Inslee after Obama meeting: Education is road to opportunity

Governor in D.C., keeping eye on Legislature's actions


Inslee said in a conference call from Washington, D.C., that he and the president agree: Education is one of the best ways to accomplish that.

Raising the minimum wage and building a clean-energy economy were two other focuses at a White House meeting with a group of Democratic governors, the governor said.

The governor said he hasn't given up on the Legislature's putting more money into education this year, though there are only three weeks left in the session. He criticized some state Senators for wanting to do nothing on the education budget this year, calling that just kicking the can down the road. "We're hoping some of our Republican colleagues have an epiphany," he said.

The Washington Supreme Court has told the Legislature it must make meaningful progress on the requirements of its 2012 McCleary decision, which said the state is not meeting its constitutional duty to amply pay for basic education and that the state depends too much on local dollars.

"We have a number of legislators who think zero is a good answer," the governor said. "You can run but you cannot hide from this McCleary decision."

State Sen. Andy Hill, chairman of the Senate Ways and Means Committee, has said Republicans are just as committed to providing amply to educate Washington children as Democrats.

Inslee also talked about the president's push for post-high-school education and training for students who aren't going to college, and he previewed a Sunday meeting he has scheduled with U.S. Education Secretary Arne Duncan.

The governor hopes to resolve a stalemate between federal officials and the state Legislature over the state's system of evaluating teachers and principals.

The federal government has said Washington must require school districts to use student scores on statewide tests as a factor in teacher evaluations. The current law does not mandate it.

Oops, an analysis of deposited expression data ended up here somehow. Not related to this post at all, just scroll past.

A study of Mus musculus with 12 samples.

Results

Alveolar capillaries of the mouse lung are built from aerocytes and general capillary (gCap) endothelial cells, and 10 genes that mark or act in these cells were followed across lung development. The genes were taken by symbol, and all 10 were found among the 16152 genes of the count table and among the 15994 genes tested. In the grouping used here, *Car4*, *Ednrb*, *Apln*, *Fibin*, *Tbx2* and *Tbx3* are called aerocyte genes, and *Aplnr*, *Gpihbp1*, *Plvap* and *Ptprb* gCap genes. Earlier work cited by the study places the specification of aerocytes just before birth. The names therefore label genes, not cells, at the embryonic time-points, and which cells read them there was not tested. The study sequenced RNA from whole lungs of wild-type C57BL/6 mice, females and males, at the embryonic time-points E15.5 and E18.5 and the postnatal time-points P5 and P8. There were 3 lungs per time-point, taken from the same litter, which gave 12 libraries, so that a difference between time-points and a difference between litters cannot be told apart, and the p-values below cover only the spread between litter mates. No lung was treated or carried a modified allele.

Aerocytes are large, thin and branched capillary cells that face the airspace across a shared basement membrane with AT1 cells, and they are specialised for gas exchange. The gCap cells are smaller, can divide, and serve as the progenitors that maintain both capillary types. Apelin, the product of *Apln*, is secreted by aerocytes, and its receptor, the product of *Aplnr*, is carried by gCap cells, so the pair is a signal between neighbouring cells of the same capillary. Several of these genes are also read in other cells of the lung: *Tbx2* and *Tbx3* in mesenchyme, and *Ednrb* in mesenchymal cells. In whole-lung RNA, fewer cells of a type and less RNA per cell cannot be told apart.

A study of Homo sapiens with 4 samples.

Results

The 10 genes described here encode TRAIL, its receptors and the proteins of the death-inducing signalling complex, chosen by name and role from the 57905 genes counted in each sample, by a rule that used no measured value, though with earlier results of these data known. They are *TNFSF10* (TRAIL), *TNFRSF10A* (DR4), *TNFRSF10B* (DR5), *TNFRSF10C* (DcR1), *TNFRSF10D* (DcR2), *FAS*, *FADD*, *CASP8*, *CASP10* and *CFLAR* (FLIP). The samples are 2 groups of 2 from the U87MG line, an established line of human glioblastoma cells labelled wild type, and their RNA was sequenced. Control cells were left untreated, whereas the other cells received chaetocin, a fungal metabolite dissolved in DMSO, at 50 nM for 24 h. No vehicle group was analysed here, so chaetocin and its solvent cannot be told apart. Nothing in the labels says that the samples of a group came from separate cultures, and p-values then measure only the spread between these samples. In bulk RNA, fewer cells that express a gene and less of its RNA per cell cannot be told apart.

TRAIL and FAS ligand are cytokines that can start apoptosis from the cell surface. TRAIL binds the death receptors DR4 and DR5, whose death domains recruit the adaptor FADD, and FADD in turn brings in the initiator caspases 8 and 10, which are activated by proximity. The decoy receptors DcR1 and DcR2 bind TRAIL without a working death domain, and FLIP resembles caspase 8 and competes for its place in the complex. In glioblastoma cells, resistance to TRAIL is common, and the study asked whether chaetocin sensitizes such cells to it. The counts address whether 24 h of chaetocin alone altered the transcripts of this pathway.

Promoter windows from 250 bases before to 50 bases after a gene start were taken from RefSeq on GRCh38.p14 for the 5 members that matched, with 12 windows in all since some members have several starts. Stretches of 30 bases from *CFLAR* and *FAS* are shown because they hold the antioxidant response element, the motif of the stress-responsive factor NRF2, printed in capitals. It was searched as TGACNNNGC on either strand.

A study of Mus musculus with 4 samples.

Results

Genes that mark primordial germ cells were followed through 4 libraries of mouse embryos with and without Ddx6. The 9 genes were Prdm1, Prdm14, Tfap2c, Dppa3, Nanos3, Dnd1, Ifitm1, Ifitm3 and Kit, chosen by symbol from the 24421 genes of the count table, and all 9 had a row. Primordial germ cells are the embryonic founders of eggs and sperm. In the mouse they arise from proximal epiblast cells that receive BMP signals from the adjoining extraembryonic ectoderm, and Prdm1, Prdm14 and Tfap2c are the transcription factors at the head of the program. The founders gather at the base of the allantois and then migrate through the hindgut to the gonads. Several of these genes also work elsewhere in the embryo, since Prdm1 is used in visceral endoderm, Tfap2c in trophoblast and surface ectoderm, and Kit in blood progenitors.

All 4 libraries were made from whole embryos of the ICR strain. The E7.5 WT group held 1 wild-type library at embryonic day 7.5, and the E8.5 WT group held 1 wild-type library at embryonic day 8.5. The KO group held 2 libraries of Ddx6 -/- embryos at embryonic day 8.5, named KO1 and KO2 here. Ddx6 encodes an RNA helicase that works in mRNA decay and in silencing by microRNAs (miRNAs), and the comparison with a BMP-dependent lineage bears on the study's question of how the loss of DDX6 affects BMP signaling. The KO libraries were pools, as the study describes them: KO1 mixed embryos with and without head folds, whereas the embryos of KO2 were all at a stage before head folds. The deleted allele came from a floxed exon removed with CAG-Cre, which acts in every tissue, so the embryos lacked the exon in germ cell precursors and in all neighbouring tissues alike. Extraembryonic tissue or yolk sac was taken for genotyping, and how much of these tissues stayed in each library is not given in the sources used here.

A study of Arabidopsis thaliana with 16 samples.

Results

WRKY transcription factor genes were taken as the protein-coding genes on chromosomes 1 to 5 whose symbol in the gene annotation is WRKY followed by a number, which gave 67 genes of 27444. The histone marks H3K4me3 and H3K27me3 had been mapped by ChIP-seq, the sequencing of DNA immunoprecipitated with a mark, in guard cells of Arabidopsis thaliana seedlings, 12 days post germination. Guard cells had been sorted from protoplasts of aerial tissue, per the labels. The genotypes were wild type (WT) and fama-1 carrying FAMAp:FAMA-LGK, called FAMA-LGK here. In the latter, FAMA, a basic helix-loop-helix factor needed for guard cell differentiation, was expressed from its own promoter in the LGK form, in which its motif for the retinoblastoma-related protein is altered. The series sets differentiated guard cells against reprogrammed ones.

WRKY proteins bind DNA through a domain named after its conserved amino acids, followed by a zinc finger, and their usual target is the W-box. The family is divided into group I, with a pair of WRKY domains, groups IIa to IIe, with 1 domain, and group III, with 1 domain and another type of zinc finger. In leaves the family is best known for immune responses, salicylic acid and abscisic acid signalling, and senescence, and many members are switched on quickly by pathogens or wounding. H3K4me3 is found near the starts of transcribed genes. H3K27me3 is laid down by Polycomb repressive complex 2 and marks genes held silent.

Washington has a waiver from provisions of the No Child Left Behind law. It could lose the waiver and some federal money by not changing the current law. No other states have been given a pass on this issue.

Inslee said he will press the state's case with Duncan, but may still need the Legislature to act. This week, the state Senate defeated a bill that would have made the required change.

On the minimum wage, Inslee said, he and the president also agree on the connection between economic growth and a higher minimum wage.

Inslee said he would like to see the state and nation ramp up the minimum wage to make up for ground lost over the past decade. The economy will grow and the need for public assistance will decrease if the minimum wage goes up, he said.

The president, supported by some of Washington's congressional delegation, is pushing for a federal minimum wage of $10.10 an hour. Washington state has a minimum wage of $9.32.

Inslee said he also supports Seattle's and other communities' independent efforts on the minimum wage. Seattle officials are discussing an increase to $15 an hour.

Inslee also said that his administration has begun looking into how it could raise the minimum wage for state employees and contractors, something he said could be done by executive order, but that it would be months before any decision on it.